Time has run out for NING

Let me begin by saying that nobody owes anybody a free tool, and that schools aren’t always the best customers. Money is always tight and anyway the teachers don’t have their hands on the credit card; that’s down in the Bursar’s office because we’re happy to trust our children with you, but not our credit card!

Anyway, the NING experience is a salutary one. We had a good little NING network going (NING allowed you to create a mini-social network of your own) It was the Breakfast Group and consisted of a group of teachers from various schools who met twice a term to talk about effective teaching and learning. The NING was good.27 teachers all good and true.  We could have groups, messages, post pictures, send out agendas and answer questions. A bit like Facebook for grown-ups. It was working.

And then it all went horribly wrong.

First NING announced they were changing their ‘business model’ and no longer offering free accounts. Please select a plan, they said. There was much outpouring of angst and much gnashing of teeth from groups who’d set up sometimes very large networks. Educators pleaded. Can you give us a free ride? I think NING agreed, but only for US based groups. The rest of the world would have to pay their way.

Which we tried to do. Ever tried to work out how to send a cheque to a website in America?  They’re not used to dealing in paper facsimiles of cash, and schools don’t like giving credit card details to funnily named fly by night web 2.0 entrepreneurs. So we were stuck.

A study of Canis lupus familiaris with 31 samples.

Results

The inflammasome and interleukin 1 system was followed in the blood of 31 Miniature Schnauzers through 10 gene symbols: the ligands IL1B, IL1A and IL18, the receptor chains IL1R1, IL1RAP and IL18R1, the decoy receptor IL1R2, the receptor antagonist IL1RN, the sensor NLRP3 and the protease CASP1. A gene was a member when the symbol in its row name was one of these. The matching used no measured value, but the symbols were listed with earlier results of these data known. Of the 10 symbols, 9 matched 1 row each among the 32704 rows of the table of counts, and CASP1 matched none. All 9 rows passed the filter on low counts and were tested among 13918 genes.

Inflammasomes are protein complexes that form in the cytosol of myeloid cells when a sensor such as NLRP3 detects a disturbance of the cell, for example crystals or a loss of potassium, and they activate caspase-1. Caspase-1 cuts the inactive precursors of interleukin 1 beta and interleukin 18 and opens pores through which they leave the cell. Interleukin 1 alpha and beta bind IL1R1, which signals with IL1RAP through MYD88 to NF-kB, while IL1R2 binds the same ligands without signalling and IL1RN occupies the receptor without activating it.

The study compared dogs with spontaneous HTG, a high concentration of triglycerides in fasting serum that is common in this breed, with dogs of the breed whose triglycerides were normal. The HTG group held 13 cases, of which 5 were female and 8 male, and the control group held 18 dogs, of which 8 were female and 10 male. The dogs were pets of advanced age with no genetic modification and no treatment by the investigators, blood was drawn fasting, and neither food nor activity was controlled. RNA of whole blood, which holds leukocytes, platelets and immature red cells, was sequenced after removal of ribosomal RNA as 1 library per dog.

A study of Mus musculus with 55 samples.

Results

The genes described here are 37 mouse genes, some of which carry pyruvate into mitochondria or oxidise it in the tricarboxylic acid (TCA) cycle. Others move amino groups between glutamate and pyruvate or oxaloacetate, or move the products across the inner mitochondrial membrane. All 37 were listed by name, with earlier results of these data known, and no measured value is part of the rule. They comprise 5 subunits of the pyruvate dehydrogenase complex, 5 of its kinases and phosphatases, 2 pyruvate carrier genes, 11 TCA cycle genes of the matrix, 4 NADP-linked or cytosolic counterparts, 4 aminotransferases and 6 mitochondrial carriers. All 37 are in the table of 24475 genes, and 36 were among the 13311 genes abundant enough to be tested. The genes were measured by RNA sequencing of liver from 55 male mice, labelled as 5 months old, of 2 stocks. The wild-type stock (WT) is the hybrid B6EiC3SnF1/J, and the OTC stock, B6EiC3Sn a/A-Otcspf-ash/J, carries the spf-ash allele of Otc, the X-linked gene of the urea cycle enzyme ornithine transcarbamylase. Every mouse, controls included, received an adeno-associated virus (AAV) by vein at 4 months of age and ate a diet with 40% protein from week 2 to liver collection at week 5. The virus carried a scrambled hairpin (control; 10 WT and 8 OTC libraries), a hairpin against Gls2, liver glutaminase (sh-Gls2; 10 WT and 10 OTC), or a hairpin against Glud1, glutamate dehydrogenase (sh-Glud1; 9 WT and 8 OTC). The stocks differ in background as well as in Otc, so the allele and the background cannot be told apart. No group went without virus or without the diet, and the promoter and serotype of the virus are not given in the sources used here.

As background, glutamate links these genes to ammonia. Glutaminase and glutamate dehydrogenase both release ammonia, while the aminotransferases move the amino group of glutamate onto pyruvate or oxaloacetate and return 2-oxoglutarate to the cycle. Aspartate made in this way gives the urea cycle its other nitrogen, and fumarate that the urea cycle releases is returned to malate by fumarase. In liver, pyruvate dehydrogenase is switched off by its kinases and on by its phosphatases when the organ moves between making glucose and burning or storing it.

We did eventually manage to find a physical location owe could send a check, and find a well hidden page in the Ning website that explained that, and persuaded the powers-that-be at school to write and cheque, and post it.

Except that, as the weeks went by, NING kept warning us that time was running out, and I kept emailing them saying ‘we paid already!!!’ Repeat. Repeat. Until they closed it down, never cashed the cheque and never responded.

And therein lies the lesson! Or, as Mary Shelley put it in one of the Lit books I’ve been teaching this year (Frankenstein):

“Unhappy man!  Do you share my madness?  Have you drunk also of the intoxicating draught?  Hear me; let me reveal my tale, and you will dash the cup from your lips!”

The moral of my tale? You can’t trust the cloud! They blow away. And you can’t build a professional network on free tools and promises from a zany young web-guru from San Francisco. Attractive and shiny as those tools are.

And here ends the sermon.


Oh,oh!!! I know time is running out. Can’t you please cash our cheque?